The fragility of the region’s states — some ruled to military juntas or immersed in civil wars — jihadism and disputes over natural resources have exacerbated instability

Manifestantes a favor del golpe de Estado en Níger
Demonstrators in support of the coup in Niamey, on August 3.STRINGER (REUTERS)

The Economic Community of West African States (Ecowas) held a summit Thursday to address its response to the July 26 coup d’état in Niger. In typically diplomatic language, it declared that “all actions are on the table,” including the activation of a “standby force,” which will require time to become operational. In the final communiqué, the organization decided to opt for dialogue with the military junta in Niamey in order to redirect the situation.

With tensions temporarily cooled, a brief analysis of the situation in the Sahel is necessary. This vast area — which stretches from the Atlantic coast to the Red Sea and includes, in the view of some analysts, the Great Lakes region and Somalia — is important to Europe because of its proximity: they are our neighbors’ neighbors.

The instability in the region is largely explained by disputes over scarce water resources and the depletion of pastures, factors that exacerbate tensions between farmers and nomadic cattle-herding ethnic groups. This is coupled with the region’s extraordinary demographic growth and the consequent precariousness of its young people, who have few options beyond the informal economy, dangerous emigration routes to Europe or joining jihadist groups. In this sense, Islamic fundamentalism is not the main trigger of instability, but rather an imported factor.

In this context, the extreme fragility of the Sahel states must be taken into consideration. Some, such as Sudan, South Sudan, and Ethiopia, are immersed in their own civil wars. Others, with self-styled “salvation” military juntas, are unable to resolve the internal problems that supposedly forced them into seizing power. This cocktail of elements provides the ideal conditions for a failed region scenario.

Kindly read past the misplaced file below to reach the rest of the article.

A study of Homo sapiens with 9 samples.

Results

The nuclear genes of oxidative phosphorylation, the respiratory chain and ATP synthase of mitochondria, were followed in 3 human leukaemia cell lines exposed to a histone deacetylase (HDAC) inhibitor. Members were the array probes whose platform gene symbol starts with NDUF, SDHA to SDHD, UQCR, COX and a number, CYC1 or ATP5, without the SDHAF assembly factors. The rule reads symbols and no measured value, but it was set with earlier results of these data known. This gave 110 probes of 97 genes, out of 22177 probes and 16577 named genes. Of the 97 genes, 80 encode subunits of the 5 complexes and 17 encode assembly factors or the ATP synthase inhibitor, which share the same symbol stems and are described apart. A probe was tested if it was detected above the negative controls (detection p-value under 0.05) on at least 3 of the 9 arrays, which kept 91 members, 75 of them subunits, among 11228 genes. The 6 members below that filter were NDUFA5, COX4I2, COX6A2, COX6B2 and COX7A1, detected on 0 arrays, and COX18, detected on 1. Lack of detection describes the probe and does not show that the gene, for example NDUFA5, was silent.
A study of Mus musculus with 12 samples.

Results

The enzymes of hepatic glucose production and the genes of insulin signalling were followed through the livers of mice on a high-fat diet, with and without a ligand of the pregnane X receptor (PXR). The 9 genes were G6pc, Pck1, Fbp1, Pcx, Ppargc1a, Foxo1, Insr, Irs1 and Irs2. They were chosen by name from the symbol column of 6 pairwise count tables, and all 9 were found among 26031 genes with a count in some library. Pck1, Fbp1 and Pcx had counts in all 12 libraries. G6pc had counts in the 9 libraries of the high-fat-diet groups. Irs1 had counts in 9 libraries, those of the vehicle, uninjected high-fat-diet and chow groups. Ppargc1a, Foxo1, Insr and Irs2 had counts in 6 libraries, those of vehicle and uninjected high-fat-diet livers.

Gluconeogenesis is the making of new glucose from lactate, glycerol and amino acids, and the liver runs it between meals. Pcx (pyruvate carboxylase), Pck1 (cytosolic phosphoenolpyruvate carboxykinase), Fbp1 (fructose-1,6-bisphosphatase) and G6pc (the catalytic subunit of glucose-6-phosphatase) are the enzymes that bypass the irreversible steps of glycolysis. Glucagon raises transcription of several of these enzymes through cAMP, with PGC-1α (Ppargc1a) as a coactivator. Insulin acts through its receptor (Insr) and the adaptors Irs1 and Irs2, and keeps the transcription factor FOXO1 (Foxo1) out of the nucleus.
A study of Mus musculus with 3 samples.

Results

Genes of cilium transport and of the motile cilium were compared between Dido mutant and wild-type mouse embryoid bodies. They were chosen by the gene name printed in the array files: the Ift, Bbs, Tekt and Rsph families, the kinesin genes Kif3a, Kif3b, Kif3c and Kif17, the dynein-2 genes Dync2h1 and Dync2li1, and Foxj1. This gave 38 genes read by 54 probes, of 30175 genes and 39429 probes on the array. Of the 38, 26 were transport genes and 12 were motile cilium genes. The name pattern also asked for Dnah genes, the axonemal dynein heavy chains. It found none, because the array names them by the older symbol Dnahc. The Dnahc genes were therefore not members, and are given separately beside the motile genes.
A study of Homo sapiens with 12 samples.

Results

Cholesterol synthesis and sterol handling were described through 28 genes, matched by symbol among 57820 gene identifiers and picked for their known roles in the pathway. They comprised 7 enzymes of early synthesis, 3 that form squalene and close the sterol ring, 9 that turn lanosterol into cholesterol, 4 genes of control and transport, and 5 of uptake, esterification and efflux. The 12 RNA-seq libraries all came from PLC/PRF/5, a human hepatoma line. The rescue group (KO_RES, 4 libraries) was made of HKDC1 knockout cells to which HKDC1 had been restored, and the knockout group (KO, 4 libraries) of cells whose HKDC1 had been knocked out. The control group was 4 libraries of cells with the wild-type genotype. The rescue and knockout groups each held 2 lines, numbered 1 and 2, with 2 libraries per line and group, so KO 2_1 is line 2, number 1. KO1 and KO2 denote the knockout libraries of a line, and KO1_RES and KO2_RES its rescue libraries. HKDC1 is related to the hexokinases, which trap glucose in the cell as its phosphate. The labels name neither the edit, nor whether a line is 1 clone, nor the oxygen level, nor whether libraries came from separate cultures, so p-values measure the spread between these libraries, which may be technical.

And how have non-African actors responded? France, a former colonial power in the Sahel, is neither willing nor able to become more involved in the region, beyond protecting and expatriating its citizens or other Europeans, especially at a time when the war in Ukraine requires greater focus on Europe and when it knows that it is not going to reap any economic benefit but instead incur the overburdening and distraction of resources from its already bulging defense budget. As President Emmanuel Macron has said, France is seeking to “communitarize” its defense commitments with African allies in the region.

Another relevant figure in the region is the European Union, which conducts the civilian crisis missions EUCAP-Mali (extended until 2025), EUCAP-Niger and the new EU Military Partnership Mission in Niger. The EU’s stance is to pursue diplomatic routes to stabilize the region. The same applies to the United States, which has elected to keep a low profile via negotiations in an attempt to address the situation in Niger or, at the very least, to reduce its effects on the wider region.

The role of the Russian Federation remains to be discerned. Vladimir Putin has been handed an unexpected gift in his confrontation with the West with the opening of a second front. Meanwhile, Europe finds itself forced to devote economic resources and diplomatic efforts to what is happening in the Sahel. The geopolitical vacuum left by the West is being filled by the Kremlin. Wagner’s mercenaries are presented as the spearhead of what has been described as “special military operations” for stabilization, but they are nothing more than a praetorian guard for the new dictators.

Recent events in the Sahel are leading to a reconfiguration of forces in the region. Mali, Burkina Faso, and Guinea support Niger’s military junta, while Ivory Coast, Togo, Benin, and Nigeria, in principle, form a bloc considering military intervention. This division may lead to the tearing apart or the dissolution of Ecowas. Nigeria’s hegemonic role in the organization is decisive, as it is essential for it to remain the regional power in both the Gulf of Guinea and the Sahel. Moreover, its president, Bola Tinubu, faces internal opposition to intervention and has declared that diplomacy must be the priority to resolve the crisis in Niger.